Tuesday, July 19, 2011

Where single attestation is preferable to multiple attestation

Further to my thoughts about the contradiction between "multiple attestation" and "embarrassment" in Historical Jesus Research, I'd like to throw out a related thought that I think compromises the value of the "multiple attestation" criterion.  Sometimes single attestation might in fact be a far better indicator of historicity than multiple attestation.

Mark is often rightly seen as more primitive in its representation of Jesus in comparison with Matthew, Luke and John.  There are moments where Mark provides a rough witness to an earlier stage of the tradition, where single attestation is a better indication of historicity than multiple attestation would be.  Where Jesus heals the Deaf Mute with physical agents (Mark 7.31-37) and where he heals the Blind Man of Bethsaida with some apparent limit to his abilities (Mark 8.22-26), these pericopae are not included by Matthew and Luke, no doubt because of the uncongenial picture of Jesus they imply.  Here, single attestation is a better indicator of primitivity than multiple attestation would be.  To put it another way, is the Multiplication of the Loaves, attested six times in the Gospel tradition, the more likely to be historical than Jesus spitting in the mouth of the deaf mute, which is attested only once?

I am aware, of course, that multiple attestation, as it is usually configured, refers to multiple independent attestation, and so one is searching for material that occurs in allegedly independent sources like Mark, Q, Thomas and John.  Notwithstanding my scepticism about the existence of Q and the independence of Thomas, the point still stands by analogy between the written Gospels and attestation in traditions, that uncongenial material will often have dropped out, so that some of the more unusual, primitive features will be at best singly attested where they are attested at all.  In this context, multiple attestation is actually a weaker indication of historicity than is single attestation.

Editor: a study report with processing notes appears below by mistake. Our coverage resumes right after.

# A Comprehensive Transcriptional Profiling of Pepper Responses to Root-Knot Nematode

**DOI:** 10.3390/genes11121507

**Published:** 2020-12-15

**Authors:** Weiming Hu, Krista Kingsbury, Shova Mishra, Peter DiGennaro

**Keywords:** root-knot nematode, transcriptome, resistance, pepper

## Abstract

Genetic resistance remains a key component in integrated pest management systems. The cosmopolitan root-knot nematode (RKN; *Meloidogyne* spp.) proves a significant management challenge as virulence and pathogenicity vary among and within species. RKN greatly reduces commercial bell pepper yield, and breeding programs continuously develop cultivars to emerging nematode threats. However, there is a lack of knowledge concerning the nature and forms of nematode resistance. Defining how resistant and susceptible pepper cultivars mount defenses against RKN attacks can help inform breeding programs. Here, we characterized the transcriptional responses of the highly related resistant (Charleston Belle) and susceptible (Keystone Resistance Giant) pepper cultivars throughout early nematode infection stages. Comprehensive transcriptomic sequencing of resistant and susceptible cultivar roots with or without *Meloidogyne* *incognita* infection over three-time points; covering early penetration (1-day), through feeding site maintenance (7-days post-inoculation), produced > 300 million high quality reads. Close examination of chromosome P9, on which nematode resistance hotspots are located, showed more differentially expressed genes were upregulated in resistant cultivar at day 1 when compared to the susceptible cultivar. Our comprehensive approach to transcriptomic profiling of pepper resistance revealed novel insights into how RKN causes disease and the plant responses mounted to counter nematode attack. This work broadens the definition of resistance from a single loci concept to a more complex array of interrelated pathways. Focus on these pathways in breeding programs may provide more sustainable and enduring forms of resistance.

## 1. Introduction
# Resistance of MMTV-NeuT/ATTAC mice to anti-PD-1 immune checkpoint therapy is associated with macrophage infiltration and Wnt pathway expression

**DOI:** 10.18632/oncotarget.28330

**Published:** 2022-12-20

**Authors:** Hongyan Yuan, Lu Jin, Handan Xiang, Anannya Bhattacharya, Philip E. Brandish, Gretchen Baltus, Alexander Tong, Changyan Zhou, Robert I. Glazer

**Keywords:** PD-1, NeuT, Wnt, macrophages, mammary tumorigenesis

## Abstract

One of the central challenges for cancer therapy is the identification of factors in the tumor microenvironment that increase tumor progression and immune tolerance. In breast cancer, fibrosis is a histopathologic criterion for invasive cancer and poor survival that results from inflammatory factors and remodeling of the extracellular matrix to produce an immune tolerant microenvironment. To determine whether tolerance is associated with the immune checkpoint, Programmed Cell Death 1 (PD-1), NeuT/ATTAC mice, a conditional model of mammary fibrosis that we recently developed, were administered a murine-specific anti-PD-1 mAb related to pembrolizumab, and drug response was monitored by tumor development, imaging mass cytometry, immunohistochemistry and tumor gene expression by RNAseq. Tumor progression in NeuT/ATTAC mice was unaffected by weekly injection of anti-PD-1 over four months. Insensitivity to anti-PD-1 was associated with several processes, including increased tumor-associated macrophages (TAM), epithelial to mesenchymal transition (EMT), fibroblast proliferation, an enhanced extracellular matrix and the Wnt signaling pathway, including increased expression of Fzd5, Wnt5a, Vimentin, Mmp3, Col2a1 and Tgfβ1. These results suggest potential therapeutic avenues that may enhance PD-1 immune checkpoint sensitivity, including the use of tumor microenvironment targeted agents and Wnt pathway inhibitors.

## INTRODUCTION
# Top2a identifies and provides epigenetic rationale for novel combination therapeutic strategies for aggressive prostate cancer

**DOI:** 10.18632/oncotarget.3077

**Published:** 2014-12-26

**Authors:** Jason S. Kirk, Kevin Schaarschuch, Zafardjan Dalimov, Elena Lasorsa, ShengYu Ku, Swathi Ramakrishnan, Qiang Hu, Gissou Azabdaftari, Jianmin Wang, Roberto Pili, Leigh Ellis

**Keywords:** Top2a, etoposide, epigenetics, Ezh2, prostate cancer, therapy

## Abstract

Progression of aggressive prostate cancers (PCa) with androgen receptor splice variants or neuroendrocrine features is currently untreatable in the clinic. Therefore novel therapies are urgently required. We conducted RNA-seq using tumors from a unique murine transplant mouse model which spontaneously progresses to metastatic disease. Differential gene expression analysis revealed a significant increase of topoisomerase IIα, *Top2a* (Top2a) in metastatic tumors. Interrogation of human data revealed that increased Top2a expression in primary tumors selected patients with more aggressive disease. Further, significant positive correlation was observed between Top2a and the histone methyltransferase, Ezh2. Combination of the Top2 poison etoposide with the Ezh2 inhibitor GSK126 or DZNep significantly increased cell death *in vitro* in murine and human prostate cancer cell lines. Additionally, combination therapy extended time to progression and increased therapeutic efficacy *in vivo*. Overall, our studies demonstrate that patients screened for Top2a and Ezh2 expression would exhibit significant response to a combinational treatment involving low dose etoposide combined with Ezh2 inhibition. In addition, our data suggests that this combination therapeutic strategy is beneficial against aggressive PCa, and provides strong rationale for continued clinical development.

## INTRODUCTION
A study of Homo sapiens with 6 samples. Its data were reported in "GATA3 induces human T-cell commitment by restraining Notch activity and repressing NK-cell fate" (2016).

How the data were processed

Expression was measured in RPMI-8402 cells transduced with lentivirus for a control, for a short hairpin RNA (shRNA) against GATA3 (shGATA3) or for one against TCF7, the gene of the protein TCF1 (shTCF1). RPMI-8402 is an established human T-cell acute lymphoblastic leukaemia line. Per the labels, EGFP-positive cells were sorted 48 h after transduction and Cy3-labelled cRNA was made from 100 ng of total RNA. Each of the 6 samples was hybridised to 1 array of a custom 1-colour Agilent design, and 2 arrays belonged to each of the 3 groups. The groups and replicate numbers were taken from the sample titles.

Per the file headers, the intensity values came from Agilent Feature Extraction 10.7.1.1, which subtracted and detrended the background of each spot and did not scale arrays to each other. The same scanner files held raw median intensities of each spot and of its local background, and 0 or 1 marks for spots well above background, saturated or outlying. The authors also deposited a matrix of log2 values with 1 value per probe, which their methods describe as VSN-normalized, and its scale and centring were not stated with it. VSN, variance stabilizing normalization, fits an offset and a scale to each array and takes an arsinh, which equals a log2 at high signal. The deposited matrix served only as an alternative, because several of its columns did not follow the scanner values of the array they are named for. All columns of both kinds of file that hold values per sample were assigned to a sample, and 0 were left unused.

6 comments:

Bob MacDonald said...

I love that unique pericope in Mark about the healing of the deaf mute. It strikes me as a literary personal signature. The man who sees trees walking could be a second one since it fits the story of Mark in Paul. I see no reason why these could not have been literary constructions from a young Hebrew created to act out his abbreviation of Matthew-Luke. So I am being Griesbachian.

I haven't progressed much in this area of study in 10 years! Too busy learning Hebrew. Thanks for bringing these things up though and reminding me there's a whole other Testament.

Stephen C. Carlson said...

In the case of these Markan healings, don't we really have a case of multiple attestation to its embarrassing nature? ;-)

Alex Dalton said...

I doubt the probability of its authenticity would be reduced if we had multiple independent attestation of this event, so I can't agree with Mark's argument here.

mikew1584 said...

I don't think the loves is as well attested as you state. We have to eliminate instances where one author is merely repeating another. If i tell 50 people at work about the accident I see, it is still only one one witness to the accident. Of course, different criteria can compete with one another, and in this case the healing with one attestation do beat out the more widely told multiplication of loaves (i suspect both have only one attestation.)

Mark Goodacre said...

Alex: right, but in the absence of multiple independent attestation of that event (and many others), it is worth reflecting on what single attestation can imply. It's the logic of single / multiple attestation that I want to try to get at, and to try to think the issue through.

Mark Goodacre said...

I am inclined to agree, mikew. For what it's worth, I don't think we have multiple independent attestation of the feeding miracles. At least it is not easy to demonstrate that.